What is Leisure Overview
Take the time to consider your own leisure choices. There are choices which you will list easily, but I want you to think further on this and consider a range of personal leisure choices. Write down your choices in a list; you will be surprised at the number and diversity of your own choices.
For some of us, these are experiences we have maintained since childhood, e.g. escaping into a novel, or related to skills we have developed through our life, e.g. needlework or woodwork. At other times we see or hear about something new and simply ‘have a go’.
At this point I would like you to watch a couple of quite different YouTube clips.
The first is a National Film and Sound Archival film, from 1976. This clip takes a satirical approach to the history of leisure in Australia; however, I’m sure that many of you will recall much of the film footage of leisure trends, particularly towards the end of the clip.
Throughout this clip, take the time to consider the client base you work with, or would like to work with. Consider if any of the concepts relate to the clients leisure choices.
Reflect for a moment on the changed perceptions of leisure, from the cultural or organised leisure choices to the more relaxed, personal approach to leisure. As a population, Australians have shifted in our thinking, from where we once engaged in activities because of cultural affiliation or public expectation, to a point where we seek individualised leisure opportunities.
The next clip I would like you to watch is very different, and very engaging.
Presented by TEDx, Professor Dr. Ulrich Reinhardt, talks about leisure, and includes a review of the history of leisure in Germany and also what the future of leisure might look like. (The TEDx program’s mission is “ideas worth spreading,” and is designed to give communities, organizations and individuals the opportunity to stimulate dialogue through experiences at the local level). Whilst based on Germany, much of Professor Reinhardt’s analysis, including the historical context and sociological perception of leisure, is consistent with the Australian leisure perception.
Did you find you could relate to one of the ages of leisure as discussed by Professor Reinhardt?
One last YouTube clip! And this one is very short.
This poem, titled ‘Leisure’ by William Henry Davis first appeared in print in 1911.
What is this life if, full of care,
We have no time to stand and stare.
No time to stand beneath the boughs
And stare as long as sheep or cows.
No time to see, when woods we pass,
Where squirrels hide their nuts in grass.
No time to see, in broad daylight,
Streams full of stars, like skies at night.
No time to turn at Beauty's glance,
And watch her feet, how they can dance.
No time to wait till her mouth can
Enrich that smile her eyes began.
A poor life this if, full of care,
We have no time to stand and stare.
While it has an obvious northern hemisphere basis, with reference to squirrels, the meaning behind the words is of relevance to our discussion today. Is this what leisure is about – reflection, personal and internal review, a gathering of our thoughts in the midst of the busyness of our lives, taking in what surrounds us, being at peace with our environment, or calming our soul, revitalising our spirit.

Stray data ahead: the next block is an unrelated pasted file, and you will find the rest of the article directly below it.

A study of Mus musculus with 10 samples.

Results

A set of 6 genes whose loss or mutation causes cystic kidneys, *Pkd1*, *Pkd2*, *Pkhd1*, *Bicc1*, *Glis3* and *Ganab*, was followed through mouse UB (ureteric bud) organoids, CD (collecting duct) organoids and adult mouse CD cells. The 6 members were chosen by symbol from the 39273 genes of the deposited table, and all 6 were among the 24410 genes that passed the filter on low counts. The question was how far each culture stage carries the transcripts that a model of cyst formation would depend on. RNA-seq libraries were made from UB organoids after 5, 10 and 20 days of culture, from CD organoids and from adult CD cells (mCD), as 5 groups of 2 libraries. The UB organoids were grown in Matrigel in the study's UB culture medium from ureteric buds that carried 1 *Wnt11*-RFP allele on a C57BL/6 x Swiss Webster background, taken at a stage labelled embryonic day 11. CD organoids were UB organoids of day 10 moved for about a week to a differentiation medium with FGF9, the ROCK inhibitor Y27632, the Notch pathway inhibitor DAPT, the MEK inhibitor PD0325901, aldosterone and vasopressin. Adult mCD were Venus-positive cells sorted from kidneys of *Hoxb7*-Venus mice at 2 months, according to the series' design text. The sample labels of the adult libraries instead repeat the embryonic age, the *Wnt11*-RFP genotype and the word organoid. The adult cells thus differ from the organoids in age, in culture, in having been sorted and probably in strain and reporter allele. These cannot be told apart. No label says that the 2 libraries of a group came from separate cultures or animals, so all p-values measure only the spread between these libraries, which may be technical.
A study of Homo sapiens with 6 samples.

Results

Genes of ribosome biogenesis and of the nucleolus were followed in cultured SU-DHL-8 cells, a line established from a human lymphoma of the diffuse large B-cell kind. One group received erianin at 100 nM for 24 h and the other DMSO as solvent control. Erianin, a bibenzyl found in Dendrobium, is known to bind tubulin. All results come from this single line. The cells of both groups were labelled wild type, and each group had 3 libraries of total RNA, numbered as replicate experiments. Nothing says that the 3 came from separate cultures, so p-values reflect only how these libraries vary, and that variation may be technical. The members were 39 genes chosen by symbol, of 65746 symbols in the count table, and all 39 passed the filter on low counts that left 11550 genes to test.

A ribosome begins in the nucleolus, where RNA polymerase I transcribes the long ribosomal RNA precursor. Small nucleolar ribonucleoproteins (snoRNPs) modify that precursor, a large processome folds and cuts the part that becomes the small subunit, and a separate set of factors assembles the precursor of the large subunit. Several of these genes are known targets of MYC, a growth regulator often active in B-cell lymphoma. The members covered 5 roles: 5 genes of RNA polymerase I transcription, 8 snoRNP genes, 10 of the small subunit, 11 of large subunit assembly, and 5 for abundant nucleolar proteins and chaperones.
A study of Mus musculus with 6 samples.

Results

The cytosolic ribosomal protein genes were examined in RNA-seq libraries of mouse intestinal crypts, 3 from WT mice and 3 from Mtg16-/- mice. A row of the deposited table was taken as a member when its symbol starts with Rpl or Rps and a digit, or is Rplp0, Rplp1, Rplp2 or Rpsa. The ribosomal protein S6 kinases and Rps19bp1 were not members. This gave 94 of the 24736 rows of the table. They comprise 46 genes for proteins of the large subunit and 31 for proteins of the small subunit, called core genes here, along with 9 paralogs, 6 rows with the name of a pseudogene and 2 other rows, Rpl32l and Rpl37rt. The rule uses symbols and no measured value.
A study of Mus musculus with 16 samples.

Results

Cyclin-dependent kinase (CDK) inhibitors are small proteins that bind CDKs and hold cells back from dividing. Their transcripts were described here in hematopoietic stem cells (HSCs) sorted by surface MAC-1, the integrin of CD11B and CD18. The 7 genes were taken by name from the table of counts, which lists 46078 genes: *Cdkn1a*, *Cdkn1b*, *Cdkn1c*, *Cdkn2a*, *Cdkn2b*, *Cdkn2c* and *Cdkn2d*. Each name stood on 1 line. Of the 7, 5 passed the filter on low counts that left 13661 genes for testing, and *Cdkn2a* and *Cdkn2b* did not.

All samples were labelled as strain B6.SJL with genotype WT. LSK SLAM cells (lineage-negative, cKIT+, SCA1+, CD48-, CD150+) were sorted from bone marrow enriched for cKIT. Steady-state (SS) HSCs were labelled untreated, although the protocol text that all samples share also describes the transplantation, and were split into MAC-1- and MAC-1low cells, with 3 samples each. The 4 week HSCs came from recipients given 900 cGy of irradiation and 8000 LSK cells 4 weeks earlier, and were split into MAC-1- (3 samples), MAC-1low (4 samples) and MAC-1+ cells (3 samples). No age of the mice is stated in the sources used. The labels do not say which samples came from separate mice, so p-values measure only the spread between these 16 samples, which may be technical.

So, we come back to the question – What is Leisure? We have considered the historical context of leisure and reviewed data of leisure choices of today. We have also pondered on the spiritual side of leisure.
Let’s go back to where we began. Go back to your leisure list.
Now consider the reasoning for those choices – do you engage in leisure because of how it makes you feel; do you expect a benefit from your leisure choice; or is it the escape you need from daily work, does that specific leisure choice meet a spiritual need for you?
Go back to your list and note next to each entry, the meaning you attach to that leisure choice. Why do you do what you do?
Is there a trend in what you are writing? Do some of your leisure choices have the same meaning for you?
Leisure today has adopted a more personalised role. We seek individualised and meaningful outcomes from our own leisure experiences. Throughout this process of change, and in response to the busyness and demands of modern daily life, there has also been a shift in the value of leisure. We value our leisure time. This is the time which regenerates us, offers engagement, and keeps us going until the next leisure opportunity.
I would like you to now consider the client base you work with, or might like to work with, and apply this thinking to those individuals. What does leisure mean to them? Whilst their leisure choices might vary considerably to yours, the meaning attached to their choices will be very similar to yours. Focus now on one individual within your client base. Consider the era in which they were born and raised. Consider the environment in which their formative thinking was developed. In having an understanding of that person, consider those leisure choices which you know they engage in. Now, keeping in mind what your leisure choices mean to you, think about what that leisure opportunity might mean to June, or Thomas, or Ingrid.
As a leisure professional, it is a valuable exercise to revisit the meaning of Leisure, to both ourselves and to the people we interact with on a daily basis. In the busyness of managing staff or volunteers, documentation, reviews and regulatory compliance, the leisure professional can momentarily lose sight of the meaning to the individual, and the impact on quality of life, of the leisure opportunity.